NPR for North Texas
Play Live Radio
Next Up:
0:00 0:00
Available On Air Stations

A 'Legend' of a Tale, Remade for Era After Era

When I Am Legend opened on Friday, it was the fourth time Hollywood had taken a stab at Richard Matheson's 1954 novella — a tale that imagines a post-apocalyptic world in which everyone but our hero has turned into mutants.

Maybe the idea of a lone human shooting at mutants is irresistible to certain filmmakers.

Or maybe there's a fan base that's just not satisfied yet.

"If they're like me, they're hoping someone will finally get it right," says writer John Joseph Adams.

Adams isn't just a fan of post-apocalyptic sci-fi. He edited an anthology of it called Wastelands. He credits Matheson with inspiring the likes of Stephen King and creating a benchmark for the genre.

In Matheson's book, it's germ warfare that leads to a ghastly worldwide plague.

"It's one of the bleakest novellas I've ever read, for sure," Adams says. "The whole world's become vampires, and there's the one guy left. And it doesn't look good."

In the original book, the last man standing fortifies his little house against former friends and neighbors. They come out at night thirsting for his blood. The first film adaptation, from 1964, hews closest to the novel — though not close enough for Adams.

"Richard Matheson wrote the screenplay," he explains, "but then they made so many changes he made them take his name off of it."

That first film, called The Last Man on Earth, stars Vincent Price in what Adams calls an unforgivably hammy performance.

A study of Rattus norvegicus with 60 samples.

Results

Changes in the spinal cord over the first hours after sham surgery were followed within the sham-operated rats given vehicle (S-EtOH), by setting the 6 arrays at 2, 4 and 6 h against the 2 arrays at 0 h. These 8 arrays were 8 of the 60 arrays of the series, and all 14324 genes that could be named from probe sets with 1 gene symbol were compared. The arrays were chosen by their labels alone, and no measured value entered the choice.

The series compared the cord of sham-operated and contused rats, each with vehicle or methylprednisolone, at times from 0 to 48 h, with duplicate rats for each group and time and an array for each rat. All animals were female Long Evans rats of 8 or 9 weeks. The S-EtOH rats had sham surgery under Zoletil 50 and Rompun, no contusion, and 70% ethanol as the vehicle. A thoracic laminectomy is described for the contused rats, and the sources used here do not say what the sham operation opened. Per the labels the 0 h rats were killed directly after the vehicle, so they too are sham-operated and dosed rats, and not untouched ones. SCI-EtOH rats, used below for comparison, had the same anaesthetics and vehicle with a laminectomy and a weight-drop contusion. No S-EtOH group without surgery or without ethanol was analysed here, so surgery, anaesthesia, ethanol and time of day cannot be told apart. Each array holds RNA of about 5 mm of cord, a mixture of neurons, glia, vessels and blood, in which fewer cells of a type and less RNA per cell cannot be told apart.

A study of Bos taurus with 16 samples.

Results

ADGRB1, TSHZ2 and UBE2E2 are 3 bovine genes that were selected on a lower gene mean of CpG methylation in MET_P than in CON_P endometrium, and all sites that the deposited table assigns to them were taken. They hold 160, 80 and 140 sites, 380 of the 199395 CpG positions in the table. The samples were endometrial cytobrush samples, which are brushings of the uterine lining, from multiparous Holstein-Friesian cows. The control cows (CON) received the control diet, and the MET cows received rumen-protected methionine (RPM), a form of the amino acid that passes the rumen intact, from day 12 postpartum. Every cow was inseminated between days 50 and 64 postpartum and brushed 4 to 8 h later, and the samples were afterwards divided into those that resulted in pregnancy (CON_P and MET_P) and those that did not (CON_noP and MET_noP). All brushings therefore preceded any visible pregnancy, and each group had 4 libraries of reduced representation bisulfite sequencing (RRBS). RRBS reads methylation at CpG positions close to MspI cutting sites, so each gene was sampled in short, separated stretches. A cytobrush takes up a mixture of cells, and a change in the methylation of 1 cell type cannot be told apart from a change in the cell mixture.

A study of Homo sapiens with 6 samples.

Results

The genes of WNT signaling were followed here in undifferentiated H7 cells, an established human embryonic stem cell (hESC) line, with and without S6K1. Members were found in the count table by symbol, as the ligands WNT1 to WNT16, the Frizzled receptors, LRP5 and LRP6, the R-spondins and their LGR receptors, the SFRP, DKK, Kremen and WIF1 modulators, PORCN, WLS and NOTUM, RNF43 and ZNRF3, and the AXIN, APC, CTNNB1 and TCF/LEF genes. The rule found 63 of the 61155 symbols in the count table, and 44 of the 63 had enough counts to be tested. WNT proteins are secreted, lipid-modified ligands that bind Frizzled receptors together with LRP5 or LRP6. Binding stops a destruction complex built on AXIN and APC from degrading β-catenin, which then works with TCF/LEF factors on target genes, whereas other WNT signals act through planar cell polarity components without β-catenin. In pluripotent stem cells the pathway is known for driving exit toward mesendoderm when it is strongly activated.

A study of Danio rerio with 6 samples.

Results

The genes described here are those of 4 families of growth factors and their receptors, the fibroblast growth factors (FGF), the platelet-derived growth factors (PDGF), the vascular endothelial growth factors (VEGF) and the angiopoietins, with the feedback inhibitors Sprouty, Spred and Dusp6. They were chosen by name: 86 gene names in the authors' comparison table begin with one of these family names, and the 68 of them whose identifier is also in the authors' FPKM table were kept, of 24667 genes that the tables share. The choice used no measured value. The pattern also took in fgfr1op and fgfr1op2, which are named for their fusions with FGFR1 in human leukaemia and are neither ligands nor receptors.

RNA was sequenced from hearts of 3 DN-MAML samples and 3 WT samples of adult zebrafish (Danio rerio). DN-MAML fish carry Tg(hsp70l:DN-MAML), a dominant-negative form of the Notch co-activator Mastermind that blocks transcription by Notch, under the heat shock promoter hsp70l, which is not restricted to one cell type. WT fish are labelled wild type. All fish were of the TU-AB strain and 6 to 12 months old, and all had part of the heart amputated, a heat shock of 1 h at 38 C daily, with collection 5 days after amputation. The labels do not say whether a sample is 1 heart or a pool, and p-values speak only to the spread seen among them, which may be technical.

Besides which: "The production values are just terrible. It's not a good movie."

The remake, from 1971, pitted Charlton Heston against the ghoulish survivors. The Omega Man is notable now mostly for its then-daring interracial romance, and for an amazing opening sequence that might be the template for half the world's video games: Heston cruises a deserted downtown Los Angeles in a red Ford Galaxy convertible, picking off mutants with a shotgun.

"My first exposure to the story was Omega Man, says Akiva Goldsman, who produced and wrote the screenplay for I Am Legend. It's the fourth remake and opened Friday.

Goldsman says the appeal runs deeper than a hyper-survivalist storyline. He says it's a timeless existential fable.

"Feeling isolated and disconnected, and feeling like there's nothing left to hope for — these are real, human experiences," he says.

Updating I Am Legend meant more to Goldsman than casting megastar Will Smith and moving the action to New York. While earlier versions were preoccupied by the Atomic Age, today's I Am Legend has a faith-based message, articulated in the film by one devoutly Christian survivor: "The world is quieter now; you just have to listen. If you listen you can hear God's plan."

"We felt that people broke out into two categories in terrible circumstances — people who had hope and people who didn't," Goldsman says. "And those with hope had a much better chance of survival."

Hope here means faith in God as well as faith in science — and that's a new twist to Matheson's story. Still, Akiva Goldsman says every adaptation of I Am Legend reiterates the original's power.

"It all sort of mixes together in time, and the story adds to itself," he says. "Times change, movies change, and apparently I Am Legend keeps getting made."

So we're due for the next remake, presumably, some time around 2028.

Copyright 2022 NPR. To see more, visit

Neda Ulaby reports on arts, entertainment, and cultural trends for NPR's Arts Desk.